While six-year-old Ajahne Reid entered the World Championship of Performing Arts (WCOPA) competition in Long Beach, California, hoping to be a model, she left as a gold-medal-winning dancer. Ajahne took first place in her age group of five-to-seven-year-olds. She originally entered the contest as a model after being scouted by Denesha Wright, who was involved with the competition in 2017.
Ajahne’s mother Keron Pinnock said that her teacher discovered the girl’s talent and recognized her desire to dance and her love for it. “She was always a moving child,” Pinnock said. Ajahne’s modeling audition occurred in November of 2017, but upon her return to Jabnea Christian Academy in Westmoreland to resume her schooling in January 2018, Wright informed her mother that a talent scout had suggested the child enter the dance competition in addition to the modeling event. Although there was concern about Ajahne’s technical skills, her teacher choreographed a hip-hop routine for the girl, who danced to a song by Stefflon Don, a rapper influenced by dancehall.
Wright said she really wanted Ajahne to be a model and had trained her for that role, but she learned the choreography very quickly and spent five weeks perfecting her performance. The hard work paid off for the six-year-old who had no previous dance experience. “”I feel good,” Ajahne stated about her win to The Gleaner. In addition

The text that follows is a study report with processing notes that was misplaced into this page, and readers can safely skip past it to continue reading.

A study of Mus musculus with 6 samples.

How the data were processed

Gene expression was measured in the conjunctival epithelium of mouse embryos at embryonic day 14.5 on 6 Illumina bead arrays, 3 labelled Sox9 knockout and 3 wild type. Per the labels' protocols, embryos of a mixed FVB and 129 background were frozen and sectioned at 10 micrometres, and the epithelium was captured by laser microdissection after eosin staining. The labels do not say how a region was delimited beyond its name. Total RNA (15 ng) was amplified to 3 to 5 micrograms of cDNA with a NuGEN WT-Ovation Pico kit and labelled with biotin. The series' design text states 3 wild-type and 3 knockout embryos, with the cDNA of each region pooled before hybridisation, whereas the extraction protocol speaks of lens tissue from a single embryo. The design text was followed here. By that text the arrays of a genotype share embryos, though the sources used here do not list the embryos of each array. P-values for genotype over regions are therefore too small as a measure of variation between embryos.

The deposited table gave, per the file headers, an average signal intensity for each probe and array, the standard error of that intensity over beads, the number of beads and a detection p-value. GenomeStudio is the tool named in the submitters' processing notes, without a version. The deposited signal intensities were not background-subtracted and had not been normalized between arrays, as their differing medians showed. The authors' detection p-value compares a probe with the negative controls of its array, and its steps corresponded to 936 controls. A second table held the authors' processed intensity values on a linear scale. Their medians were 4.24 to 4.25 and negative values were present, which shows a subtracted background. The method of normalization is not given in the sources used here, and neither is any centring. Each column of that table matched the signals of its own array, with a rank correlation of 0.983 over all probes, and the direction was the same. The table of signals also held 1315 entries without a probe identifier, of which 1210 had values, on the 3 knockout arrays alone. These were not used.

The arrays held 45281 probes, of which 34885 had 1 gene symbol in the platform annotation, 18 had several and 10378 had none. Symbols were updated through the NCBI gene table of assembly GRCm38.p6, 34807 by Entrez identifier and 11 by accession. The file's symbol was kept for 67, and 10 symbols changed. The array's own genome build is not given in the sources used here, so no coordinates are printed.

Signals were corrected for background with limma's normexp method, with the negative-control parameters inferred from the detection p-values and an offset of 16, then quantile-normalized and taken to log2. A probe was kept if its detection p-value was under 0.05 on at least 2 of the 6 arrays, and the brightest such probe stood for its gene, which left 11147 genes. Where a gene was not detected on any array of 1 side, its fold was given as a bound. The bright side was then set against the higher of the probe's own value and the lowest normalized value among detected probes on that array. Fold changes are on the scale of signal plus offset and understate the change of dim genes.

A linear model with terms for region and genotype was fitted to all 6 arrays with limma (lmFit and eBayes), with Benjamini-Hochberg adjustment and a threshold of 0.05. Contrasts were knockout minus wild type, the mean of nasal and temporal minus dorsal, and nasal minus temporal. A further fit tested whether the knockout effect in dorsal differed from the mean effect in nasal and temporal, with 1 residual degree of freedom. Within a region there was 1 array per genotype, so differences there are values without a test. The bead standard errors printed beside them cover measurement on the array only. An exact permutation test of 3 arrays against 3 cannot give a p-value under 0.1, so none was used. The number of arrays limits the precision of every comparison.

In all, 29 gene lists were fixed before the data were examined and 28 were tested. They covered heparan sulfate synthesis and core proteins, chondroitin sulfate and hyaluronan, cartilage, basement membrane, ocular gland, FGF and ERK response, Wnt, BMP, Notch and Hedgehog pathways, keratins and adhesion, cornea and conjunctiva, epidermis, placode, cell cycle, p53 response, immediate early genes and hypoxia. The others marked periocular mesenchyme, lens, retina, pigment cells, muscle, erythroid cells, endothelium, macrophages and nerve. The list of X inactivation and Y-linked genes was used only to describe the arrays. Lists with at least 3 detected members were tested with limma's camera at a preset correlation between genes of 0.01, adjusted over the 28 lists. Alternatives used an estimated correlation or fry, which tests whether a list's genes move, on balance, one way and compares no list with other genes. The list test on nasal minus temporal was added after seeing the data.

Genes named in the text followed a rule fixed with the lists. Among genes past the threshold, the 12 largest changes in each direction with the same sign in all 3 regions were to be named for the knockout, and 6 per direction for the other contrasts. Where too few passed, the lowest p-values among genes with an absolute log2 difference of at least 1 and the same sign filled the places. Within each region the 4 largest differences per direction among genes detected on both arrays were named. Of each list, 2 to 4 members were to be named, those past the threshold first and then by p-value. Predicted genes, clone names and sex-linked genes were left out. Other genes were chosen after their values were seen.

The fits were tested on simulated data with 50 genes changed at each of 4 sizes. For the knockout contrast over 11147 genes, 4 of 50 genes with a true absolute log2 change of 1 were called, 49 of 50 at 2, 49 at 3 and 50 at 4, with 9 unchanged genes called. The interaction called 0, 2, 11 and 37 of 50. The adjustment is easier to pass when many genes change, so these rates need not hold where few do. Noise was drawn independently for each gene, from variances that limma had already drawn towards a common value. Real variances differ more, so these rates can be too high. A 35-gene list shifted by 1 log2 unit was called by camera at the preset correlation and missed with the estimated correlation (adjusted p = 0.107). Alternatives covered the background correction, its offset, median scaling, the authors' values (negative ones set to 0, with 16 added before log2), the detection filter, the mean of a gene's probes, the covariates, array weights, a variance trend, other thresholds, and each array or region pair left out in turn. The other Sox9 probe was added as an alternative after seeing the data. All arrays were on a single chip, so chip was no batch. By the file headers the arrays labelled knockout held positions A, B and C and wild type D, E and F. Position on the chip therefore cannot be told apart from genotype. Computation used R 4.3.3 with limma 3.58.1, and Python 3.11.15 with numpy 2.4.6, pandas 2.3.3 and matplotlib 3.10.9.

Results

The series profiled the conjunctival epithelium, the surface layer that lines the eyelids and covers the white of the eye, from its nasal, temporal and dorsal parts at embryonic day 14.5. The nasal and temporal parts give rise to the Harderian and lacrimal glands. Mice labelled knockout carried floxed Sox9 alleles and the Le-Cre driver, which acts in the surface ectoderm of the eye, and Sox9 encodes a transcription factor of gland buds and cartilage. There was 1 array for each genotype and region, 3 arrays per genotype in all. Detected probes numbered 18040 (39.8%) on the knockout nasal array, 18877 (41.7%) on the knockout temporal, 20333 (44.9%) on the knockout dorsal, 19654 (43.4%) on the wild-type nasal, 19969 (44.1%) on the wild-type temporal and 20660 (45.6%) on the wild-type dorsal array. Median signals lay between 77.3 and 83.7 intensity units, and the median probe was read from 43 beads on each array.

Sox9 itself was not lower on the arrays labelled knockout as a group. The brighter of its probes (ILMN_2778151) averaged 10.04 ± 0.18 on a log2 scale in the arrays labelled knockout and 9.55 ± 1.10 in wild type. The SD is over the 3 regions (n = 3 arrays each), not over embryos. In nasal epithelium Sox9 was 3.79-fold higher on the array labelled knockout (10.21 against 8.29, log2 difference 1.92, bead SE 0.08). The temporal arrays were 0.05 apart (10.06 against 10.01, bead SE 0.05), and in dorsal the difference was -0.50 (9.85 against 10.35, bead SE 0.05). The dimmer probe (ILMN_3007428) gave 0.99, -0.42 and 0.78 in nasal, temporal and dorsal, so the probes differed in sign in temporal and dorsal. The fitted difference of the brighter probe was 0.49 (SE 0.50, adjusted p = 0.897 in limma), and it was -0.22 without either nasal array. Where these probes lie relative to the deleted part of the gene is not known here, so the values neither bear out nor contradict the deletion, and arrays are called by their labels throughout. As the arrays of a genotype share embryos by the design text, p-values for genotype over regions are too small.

to Ajahne, Jamaican Kenrick Sharpe was also scouted by Wright and won three medals and a scholarship at the WCOPA. Wright herself was awarded Outstanding Coach of the Year for 2018, WCOPA is an Olympic-style international meet held every year to give aspiring performers and entertainers a chance to be seen. Musicians, dancers, variety artists, actors, models, and singers compete at the event, which also includes performing arts workshops and seminars given by experts in the field. According to Pinnock, there is more value than just the cash prizes. The exposure is a notable feature for the contestants, since scholarship agencies and modeling agencies often sign participants after seeing them at WCOPA.
A total of ten Jamaicans entered the competition this year, and Wright is calling for more. She has organized two open calls for October 2018. One will be at the NDTC Dance Studio in Kingston on October 8, 2018, and another will be held at the Green Tree Dance Studio in Montego Cay on October 20. Wright said she knew there were people who wanted to dance but feel their families will not allow them to do so. According to Pinnock, art is not widely recognized in Jamaica, but she feels that competitions like WCOPA represent movement in the right direction.